Release Review: "R Plus Seven" – Oneohtrix Point Never, Album, Out Oct 1

Oneohtrix Point Never’s Daniel Lopatin has long been heralded by muso brains as a genuine revolutionary, and his fifth studio album is as concept-heavy as ever. But filtering through the dense layers of experimentation can distract from what is in places an evocative masterpiece of biblical proportions.
Lopatin frequently arises in wordier music magazines and critical circles as one of few musicians widely understood as genuinely progressive. Perhaps it’s because he’s not a musician – preferring to think of himself as “a non-musician who practices and produces music”. If this seems tongue-in-cheek and/or logically dubious, it’s because Lopatin himself is marked by a kind of approach that bridges the high brow intellectual and the (post)modern YouTube generation everyman. The same paradox arose as he emerged into critical interest with a series of “echo jams” back in 2009, warping the Internet’s archive of cultural tat across generations of pop culture – most popularly manipulating Chris De Burgh’s “Lady In Red”  to weirdly beautiful heights.
And it continues to be a paradox at the release of R Plus Seven, the fifth of Lopatin’s studio albums as OPN. On the one hand, he’s billed as a postmodern composer extraordinaire – scoring Sofia Coppola’s The Bling Ring – and on the other, rumours circulated that R Plus Seven, his first record after signing to Warp Records this year, would be something more like pop. Pop it ain’t – you heard it here first – but it does do away with much of the dread and warped complexity of his previous efforts, favouring an often hopeful, frequently buoyant sound full of wide spaces and the liberal use of heavily trodden preset FM synthesiser sounds (like your “Strings 1” preset on schoolroom Casios). His use of presets is probably best described by the title of opener “Boring Angel”, whose faux-choir sounds trail out from a holy crescendo; holy with a capital “H”, Lopatin acknowledges and twists the historic connotations of the classic, clichéd sounds he uses. Parts shimmer with a similarly uncanny beauty to the stark preset string and choir sounds of Dean Blunt’s 2013 album The Redeemer, though the individual parts of songs career more majestically to more surprising corners at every turn. For example, the arpeggiated synthesiser on “Boring Angel” could mark the hands-in-the-air moment at a trance rave, so uplifting is its surprise entrance to an already beatific organ hum.
But if R Plus Seven borders on the biblical, prescribing cathedral-scale amounts of choir and organ throughout, it comes with a similarly prophetic(/preaching) dose of conceptual smarts. “Americans”, for example, forms a satire of Lopatin’s observation that “the capitalist vision of alien life is basically the reductive, canned world instrument”. Observations such as these – as well as his feminist reading of preset names on music software and his stolid appropriation politics – seem apt and genuinely motivated, but you wonder how much of the intellectual nitty gritty can be represented by electronic (or any) music. While Wire readers might nod approvingly along to the koto strings and distorted world-y vocals of “He She”, the rest of us might have trouble following its conceptual roots without an accompanying instruction manual.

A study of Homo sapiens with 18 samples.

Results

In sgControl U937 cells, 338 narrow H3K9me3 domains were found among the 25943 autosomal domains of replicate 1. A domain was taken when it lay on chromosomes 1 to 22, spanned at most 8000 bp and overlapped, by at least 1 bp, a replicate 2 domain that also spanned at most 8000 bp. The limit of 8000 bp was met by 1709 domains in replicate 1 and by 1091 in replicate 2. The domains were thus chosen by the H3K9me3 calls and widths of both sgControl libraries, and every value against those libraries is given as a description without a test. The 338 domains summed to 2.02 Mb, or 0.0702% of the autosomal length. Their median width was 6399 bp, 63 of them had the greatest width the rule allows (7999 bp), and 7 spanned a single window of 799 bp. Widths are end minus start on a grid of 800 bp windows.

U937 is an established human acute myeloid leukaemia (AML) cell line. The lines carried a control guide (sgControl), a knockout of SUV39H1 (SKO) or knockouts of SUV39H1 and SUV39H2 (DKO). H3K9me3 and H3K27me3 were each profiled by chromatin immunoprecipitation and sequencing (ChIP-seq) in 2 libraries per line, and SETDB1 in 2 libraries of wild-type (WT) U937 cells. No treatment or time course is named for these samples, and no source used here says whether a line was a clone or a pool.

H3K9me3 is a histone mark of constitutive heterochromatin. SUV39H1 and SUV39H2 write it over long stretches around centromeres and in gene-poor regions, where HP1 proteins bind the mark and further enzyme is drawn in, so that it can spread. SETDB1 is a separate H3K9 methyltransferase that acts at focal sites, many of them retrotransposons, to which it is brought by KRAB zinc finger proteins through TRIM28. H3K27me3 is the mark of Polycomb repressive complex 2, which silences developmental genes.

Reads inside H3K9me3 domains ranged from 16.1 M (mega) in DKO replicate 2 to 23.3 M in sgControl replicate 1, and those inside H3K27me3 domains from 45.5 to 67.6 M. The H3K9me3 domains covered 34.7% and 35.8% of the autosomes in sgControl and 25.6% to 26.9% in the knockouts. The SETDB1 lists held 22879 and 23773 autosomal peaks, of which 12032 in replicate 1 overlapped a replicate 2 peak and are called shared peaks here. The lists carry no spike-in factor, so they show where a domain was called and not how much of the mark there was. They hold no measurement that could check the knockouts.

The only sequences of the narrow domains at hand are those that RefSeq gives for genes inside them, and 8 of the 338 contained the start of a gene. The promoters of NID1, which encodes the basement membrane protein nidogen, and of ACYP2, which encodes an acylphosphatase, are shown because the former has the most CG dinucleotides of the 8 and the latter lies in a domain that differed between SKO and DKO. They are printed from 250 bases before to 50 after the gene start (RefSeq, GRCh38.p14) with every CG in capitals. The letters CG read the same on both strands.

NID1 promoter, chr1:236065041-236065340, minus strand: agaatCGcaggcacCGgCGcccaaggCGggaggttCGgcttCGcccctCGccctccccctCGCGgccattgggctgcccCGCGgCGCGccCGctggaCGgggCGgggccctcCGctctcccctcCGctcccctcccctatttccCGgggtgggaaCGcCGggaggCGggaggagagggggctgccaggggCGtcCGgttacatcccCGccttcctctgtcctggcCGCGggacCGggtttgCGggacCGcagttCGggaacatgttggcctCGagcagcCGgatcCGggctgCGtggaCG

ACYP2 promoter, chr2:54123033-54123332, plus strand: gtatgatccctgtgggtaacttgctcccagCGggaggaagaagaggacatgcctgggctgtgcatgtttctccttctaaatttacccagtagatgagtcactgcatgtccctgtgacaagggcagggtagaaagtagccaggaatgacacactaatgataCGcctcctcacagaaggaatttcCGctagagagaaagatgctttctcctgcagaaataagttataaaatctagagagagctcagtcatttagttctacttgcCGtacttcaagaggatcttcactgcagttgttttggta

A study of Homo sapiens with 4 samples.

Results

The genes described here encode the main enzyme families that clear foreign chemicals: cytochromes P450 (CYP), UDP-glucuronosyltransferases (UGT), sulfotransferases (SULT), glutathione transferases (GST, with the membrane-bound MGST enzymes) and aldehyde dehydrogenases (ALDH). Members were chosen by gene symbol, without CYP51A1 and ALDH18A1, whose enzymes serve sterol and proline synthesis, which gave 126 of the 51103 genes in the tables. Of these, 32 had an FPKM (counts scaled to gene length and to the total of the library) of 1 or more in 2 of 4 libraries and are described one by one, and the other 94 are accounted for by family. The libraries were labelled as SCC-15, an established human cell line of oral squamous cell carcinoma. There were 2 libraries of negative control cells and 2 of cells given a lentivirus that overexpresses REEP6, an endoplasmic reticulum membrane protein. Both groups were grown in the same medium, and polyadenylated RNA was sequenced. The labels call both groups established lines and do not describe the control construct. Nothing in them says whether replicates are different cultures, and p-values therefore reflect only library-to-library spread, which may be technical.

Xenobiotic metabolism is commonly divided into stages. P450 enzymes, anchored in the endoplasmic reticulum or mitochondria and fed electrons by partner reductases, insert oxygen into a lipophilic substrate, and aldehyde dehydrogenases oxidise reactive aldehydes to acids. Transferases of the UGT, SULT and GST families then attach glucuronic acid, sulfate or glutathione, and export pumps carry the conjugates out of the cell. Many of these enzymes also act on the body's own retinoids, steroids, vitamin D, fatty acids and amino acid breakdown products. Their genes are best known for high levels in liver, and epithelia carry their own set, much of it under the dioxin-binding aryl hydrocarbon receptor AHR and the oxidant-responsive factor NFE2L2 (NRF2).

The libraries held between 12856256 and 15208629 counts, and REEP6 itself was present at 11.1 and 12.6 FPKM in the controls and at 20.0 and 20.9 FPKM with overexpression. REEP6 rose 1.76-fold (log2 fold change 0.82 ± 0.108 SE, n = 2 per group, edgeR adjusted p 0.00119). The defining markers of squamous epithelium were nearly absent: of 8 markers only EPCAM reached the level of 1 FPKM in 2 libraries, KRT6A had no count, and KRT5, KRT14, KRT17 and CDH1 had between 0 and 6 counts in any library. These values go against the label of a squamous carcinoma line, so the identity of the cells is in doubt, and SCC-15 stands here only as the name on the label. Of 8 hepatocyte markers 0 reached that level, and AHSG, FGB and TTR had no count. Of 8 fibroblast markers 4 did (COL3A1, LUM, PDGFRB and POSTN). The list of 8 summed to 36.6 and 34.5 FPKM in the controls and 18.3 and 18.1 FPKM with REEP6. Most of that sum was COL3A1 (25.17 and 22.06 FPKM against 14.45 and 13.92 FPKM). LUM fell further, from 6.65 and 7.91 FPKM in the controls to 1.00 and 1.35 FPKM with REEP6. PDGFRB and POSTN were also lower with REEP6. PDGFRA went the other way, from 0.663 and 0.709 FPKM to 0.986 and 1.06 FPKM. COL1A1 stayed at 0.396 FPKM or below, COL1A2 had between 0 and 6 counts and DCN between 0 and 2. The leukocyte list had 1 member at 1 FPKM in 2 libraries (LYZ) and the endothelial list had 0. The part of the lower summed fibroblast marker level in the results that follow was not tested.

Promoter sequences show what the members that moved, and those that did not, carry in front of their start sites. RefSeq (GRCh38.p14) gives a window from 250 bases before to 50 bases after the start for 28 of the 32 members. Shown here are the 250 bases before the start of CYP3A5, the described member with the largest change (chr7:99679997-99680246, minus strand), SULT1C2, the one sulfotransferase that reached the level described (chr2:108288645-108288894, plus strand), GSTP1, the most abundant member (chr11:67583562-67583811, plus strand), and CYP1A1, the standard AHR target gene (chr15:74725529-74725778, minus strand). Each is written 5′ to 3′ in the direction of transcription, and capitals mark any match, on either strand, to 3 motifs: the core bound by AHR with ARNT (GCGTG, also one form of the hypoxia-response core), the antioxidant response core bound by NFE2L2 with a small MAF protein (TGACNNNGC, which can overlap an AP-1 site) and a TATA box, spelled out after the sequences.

But then again, OPN very much caters to Wire readers and moustachioed musical philosophers in general. Lopatin certainly isn’t out to conquer the pop market – in fact it’s his bold, concept-heavy intellectualism that makes him particularly appealing to critics – but the moments of R Plus Seven that resonate the most effectively seem to drift into areas of sublimity with no intellectual VIP pass needed. Particularly during the latter half of the record, his compositions seem to soar miles higher than some of the cerebral experimentation at its lofty, silence-filled middle. “Still Life” is an incredibly powerful journey of dynamic builds, angelic choir presets and sudden, monolithic synthesiser crescendos, and “Chrome Country” continues the suite with a dreamier blend of voice and piano samples. An organ kicks in during the last two minutes of the album and it lifts Oneohtrix Point Never from the realms of obscurantism and avant-garde into undeniable beauty – piano echoes and vocal shades build to a heady peak and you’d have to be paraplegic not to feel those shivers down your spine. But then all this melts into the final minute of closer “Gone”, where grotesquely warped voice samples troll along a nightmarish groove of jazz organ and digital decay before abruptly cutting out on a dissonant chord. It’s almost as if Lopatin realises he’s at the helm of a Wagnerian kind of musical force and suddenly panics, returning to the kind of cracked appropriation tactics he knows best. If he only ever sticks to these guns, OPN records will no doubt continue to scatter liberally across upmarket Brooklyn and East London apartments, but somewhere in the grandiloquent density of Daniel Lopatin’s output lies the secret to something wholly, and totally engaging. If he can filter that through on later records, the complex ideals behind his composition might just do their job and break through to anyone – that’s you and me – who cares to hear the terrifically pretty music that keeps rearing its head on works like R Plus Seven.
7/10, out October 1st, Callum McLean.
Head to his website for more info, tour dates and to buy the album.